Earlier this week it was announced that the Saudi Arabian government passed new laws that afford women long overdue rights. Taking effect at the end of August, the new laws permit women over the age of twenty-one to apply for a passport and travel freely without male guardianship and permission. As well as this were changes to family laws — women can now register a marriage, divorce, or child’s birth, and be issued other legal documents, which before could only be obtained with male approval.

This move has been widely celebrated, as in most arenas of a woman’s life in Saudi Arabia, male guardianship is needed (also known as a ‘mehram’, most likely her husband, father or male relative).

Despite these positive steps, the progression of women’s rights in Saudi Arabia means little when the same women who fought for them are still behind bars.

Like many of the things he has done since taking control of the kingdom, Crown Prince Mohammad Bin Salman strives to create a global image of a progressive and modern leader. This however, has so far been a fairly transparent cover for masking human rights violations and abuses of power.

When he came to power in 2017 he vowed to ‘end corruption’ in the Saudi government and proceeded to detain Saudi government officials, businessmen, elites and even fellow royals, including Prince Alwaleed bin Talal, one of Saudi’s richest men. This bid to flush out corruption was in fact a move to accelerate Prince Salman’s own power, removing his rivals or anyone who could potentially cause him problems when his father and current ruler passes away or abdicates the throne.

Similarly when it comes to women’s rights, Prince Salman’s goal is to appear refreshing and progressive by breaking down some of the restrictions placed on women’s lives, when ultimately he is still keeping control of women activists and campaigners who challenge him.

In 2017, Prince Salman announced the historic lift of the female driving ban, the last of its kind in the world. Just a month before the ban was lifted in 2018, over a dozen women’s rights activists were detained, many of whom are still imprisoned, on trial or facing travel bans. Loujain al-Hathloul, Aziza al-Yousef, Samar Badawi and Nassima al-Sada are prominent activists who remain behind bars for their human rights work, facing charges related to their “promotion of women’s rights” and “calls to end the male guardianship system”.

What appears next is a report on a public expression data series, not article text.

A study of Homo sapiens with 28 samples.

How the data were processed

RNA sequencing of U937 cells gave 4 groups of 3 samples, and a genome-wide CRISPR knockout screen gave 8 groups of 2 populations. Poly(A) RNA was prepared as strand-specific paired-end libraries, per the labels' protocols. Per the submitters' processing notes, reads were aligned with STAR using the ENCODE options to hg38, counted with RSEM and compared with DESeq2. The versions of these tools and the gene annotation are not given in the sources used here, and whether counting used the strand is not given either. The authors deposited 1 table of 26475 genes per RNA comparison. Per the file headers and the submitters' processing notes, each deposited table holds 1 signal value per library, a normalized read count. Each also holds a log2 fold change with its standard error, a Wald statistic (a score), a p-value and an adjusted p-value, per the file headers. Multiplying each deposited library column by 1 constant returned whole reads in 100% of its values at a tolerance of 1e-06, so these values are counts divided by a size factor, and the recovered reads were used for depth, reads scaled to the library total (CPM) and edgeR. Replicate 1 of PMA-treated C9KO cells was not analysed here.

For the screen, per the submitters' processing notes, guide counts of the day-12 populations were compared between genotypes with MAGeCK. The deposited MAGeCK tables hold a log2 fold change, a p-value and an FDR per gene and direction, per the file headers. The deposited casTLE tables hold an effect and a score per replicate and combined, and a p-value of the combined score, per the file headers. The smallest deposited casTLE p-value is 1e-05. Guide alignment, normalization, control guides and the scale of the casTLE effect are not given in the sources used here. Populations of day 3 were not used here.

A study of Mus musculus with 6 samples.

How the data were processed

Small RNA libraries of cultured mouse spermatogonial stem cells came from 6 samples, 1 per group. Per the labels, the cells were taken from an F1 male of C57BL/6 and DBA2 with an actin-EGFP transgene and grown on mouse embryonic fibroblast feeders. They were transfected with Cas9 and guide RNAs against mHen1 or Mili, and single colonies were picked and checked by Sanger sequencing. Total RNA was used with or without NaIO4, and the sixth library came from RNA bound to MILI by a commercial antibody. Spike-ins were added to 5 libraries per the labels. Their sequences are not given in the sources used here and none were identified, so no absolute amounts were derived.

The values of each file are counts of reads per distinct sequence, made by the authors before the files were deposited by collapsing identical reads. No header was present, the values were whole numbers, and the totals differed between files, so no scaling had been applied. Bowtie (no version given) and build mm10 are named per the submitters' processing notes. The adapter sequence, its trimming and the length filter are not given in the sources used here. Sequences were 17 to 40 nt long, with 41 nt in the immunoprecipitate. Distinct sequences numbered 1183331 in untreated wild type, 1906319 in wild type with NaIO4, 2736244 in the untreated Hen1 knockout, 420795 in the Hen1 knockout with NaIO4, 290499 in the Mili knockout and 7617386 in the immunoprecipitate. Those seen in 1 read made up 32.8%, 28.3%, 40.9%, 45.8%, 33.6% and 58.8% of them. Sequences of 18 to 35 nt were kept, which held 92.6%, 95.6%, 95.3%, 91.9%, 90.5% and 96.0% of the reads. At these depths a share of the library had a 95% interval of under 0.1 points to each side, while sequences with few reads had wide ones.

Loujain al-Hathloul was held in 2014 for more than 70 days for attempting to drive from the neighbouring United Arab Emirates to Saudi Arabia. Amnesty International reports that there are at least 14 other individuals who support women’s rights campaigning, including male relatives of those who are involved, who have been detained and held arbitrarily without charge since April 2019.

It has also been reported that many of these women have faced torture, sexual abuse or other ill-treatment during their detention. This highlights the insincerity of the changes Prince Salman has made — although they are significant advances for women, it seems he controls the degree of change to suit his own interests, whilst continuing to commit human rights violations against women’s rights defenders.

Further examples bolster this point, such as the announcement that rapper Nicki Minaj was due to perform at Saudi Arabia’s Jeddah World Fest. Minaj has since pulled out of the concert to show support for women’s rights, LGBTQ rights and freedom of expression. A clearly controversial decision, having Minaj as a headliner, who is known for her hyper-sexualised and provocative image, is another attempt to generate positive publicity of the kingdom, breaking the barriers on entertainment, meanwhile women are subject to police harassment if they are perceived to be showing too much skin (even whilst wearing an abaya, the religious dress) or wearing too much make-up. This is neither a criticism of Minaj’s style, nor of women who choose to wear religious dress, but an illustration of the double standards in this scenario.

Gender segregation is also still enforced in the majority of public spaces that I experienced first hand when I visited the country in 2012. The few times that I entered a restaurant or coffee shop, I was made to enter through a separate entrance and stand in a separate queue. By no surprise, the men’s queue was served first whilst the female queue was ignored for long periods of time. Eventually, my female family members and I realised it was easier to send the male members of the family to get food for us. What might seem a menial example is telling of the experience and general treatment of women in Saudi Arabia — restricted, controlled and nowhere near equal to men.

If the Saudi government was truly committed to its so-called liberalisation effort, it would remove these barriers placed on the everyday lives of women, and free those who have been campaigning for these rights for decades.

Instead, the government is proving that women will be penalised and punished for such campaigning, and should accept their rights only when given by the Prince. Whilst small changes can be celebrated, it must be remembered that these changes have come at a price, one that the Saudi government seems determined to keep hidden.